No Start Date for Iran Nuclear Freeze Expected from Vienna Talks
Experts from Iran, world powers and the U.N. atomic watchdog discussing how to implement November's nuclear deal are set to fall short of agreeing a start date for Tehran's six-month nuclear freeze, diplomats said.
The meeting between Iran and the United States, China, Russia, Britain, France, Germany – the so-called P5+1 -- was making progress however, they said.
Michael Mann, spokesman for the P5+1 chief negotiator at last month's talks in Geneva, Catherine Ashton, said the gathering would continue for a third unscheduled day on Wednesday.
"It's certainly going well in terms of that the talks are lengthy and that they are constructive discussions," one Western envoy involved in the meeting in Vienna told Agence France Presse on condition of anonymity.
"My sense is that given that there are seven or eight entities involved with their own views it's inevitably going to take time."
He and a second participant said however that it was unlikely to result in an announcement of when Iran will start its promised six-month freeze of parts of its nuclear program, as agreed in a deal late last month.
"It's difficult to imagine that happening," the second diplomat said. Instead this may be decided in a so far unscheduled meeting of political directors from Iran and the six powers.
Iran's envoy to the International Atomic Energy Agency, Reza Najafi, told reporters late Tuesday that the talks were going well, without giving further details. Asked if the negotiations were positive, he said: "Yes."
Najafi said last month that he expected the six months to start in late December or early January. Other diplomats and analysts have said this may be ambitious.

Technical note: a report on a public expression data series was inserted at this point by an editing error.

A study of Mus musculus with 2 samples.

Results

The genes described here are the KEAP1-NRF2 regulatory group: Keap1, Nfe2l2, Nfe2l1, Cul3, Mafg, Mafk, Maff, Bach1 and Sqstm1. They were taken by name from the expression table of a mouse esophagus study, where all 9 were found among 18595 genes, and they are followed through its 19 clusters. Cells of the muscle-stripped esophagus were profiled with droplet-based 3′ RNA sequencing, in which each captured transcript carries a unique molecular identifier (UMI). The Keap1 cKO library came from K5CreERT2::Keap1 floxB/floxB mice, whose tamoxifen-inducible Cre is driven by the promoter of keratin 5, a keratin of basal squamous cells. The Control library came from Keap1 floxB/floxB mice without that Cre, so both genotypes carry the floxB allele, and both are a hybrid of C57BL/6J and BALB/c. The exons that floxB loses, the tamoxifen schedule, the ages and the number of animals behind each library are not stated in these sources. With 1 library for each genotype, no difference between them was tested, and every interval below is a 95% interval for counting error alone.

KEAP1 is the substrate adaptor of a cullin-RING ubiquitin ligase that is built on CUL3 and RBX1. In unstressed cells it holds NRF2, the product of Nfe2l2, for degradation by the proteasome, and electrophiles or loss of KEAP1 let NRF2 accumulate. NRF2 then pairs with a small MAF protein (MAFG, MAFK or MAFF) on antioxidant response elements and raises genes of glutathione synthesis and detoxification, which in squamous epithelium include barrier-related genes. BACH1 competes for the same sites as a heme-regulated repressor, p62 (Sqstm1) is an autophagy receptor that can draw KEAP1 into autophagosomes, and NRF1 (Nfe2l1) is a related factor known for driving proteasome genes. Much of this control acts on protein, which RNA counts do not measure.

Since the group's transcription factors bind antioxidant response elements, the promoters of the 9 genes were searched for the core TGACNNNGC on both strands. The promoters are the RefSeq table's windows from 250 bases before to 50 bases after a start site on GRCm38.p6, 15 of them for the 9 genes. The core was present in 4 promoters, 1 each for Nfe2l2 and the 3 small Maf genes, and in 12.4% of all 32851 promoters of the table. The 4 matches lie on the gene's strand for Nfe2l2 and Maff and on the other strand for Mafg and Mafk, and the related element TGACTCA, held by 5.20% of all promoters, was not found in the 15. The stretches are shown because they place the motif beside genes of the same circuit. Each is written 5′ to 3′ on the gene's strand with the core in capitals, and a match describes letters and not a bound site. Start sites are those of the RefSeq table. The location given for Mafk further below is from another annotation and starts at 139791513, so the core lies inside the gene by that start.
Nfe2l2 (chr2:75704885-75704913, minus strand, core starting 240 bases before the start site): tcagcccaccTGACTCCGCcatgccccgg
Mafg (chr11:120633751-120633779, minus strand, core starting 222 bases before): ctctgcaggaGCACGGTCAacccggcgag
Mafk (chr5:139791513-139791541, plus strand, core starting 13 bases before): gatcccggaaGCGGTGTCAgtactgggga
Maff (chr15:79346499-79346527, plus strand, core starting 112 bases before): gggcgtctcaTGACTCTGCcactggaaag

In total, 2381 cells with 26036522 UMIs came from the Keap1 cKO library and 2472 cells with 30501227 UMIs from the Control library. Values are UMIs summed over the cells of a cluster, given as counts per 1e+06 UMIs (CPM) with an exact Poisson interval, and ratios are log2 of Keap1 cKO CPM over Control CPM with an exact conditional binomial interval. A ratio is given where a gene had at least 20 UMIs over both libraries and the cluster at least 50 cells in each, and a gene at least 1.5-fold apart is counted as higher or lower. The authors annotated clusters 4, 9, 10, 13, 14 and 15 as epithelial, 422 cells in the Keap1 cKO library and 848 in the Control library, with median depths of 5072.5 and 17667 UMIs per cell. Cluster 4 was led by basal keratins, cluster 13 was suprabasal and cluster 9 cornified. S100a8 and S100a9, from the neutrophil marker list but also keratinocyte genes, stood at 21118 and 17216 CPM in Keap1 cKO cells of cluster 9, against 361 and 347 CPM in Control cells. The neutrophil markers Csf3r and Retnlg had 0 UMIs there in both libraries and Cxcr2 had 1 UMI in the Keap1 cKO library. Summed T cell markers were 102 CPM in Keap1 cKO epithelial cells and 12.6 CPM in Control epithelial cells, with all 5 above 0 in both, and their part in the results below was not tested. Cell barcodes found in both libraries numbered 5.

In a major diplomatic breakthrough in Geneva on November 24, Iran undertook to implement the temporary freeze in return for modest relief from U.N. and Western sanctions that have hit its economy hard.
The Vienna meeting of nuclear, sanctions and finance experts, which began Monday and also involves the IAEA, is aimed at thrashing out how the interim deal will be implemented and how the measures will be monitored by the IAEA.
During the half-year period, Iran and the P5+1 are due to negotiate a "comprehensive" deal aimed at ending for good the standoff over Iran's nuclear program after a decade of failed attempts and rising tensions.
Iran says its program is peaceful, but many in the international community fear it is aimed at developing nuclear weapons, not least since Tehran is producing far more fissile material than its civilian nuclear facilities need at present.
Israel, itself widely thought to have nuclear weapons and which has refused to rule out military action, has sharply criticized the Geneva deal. Many Gulf monarchies are also unsettled by it.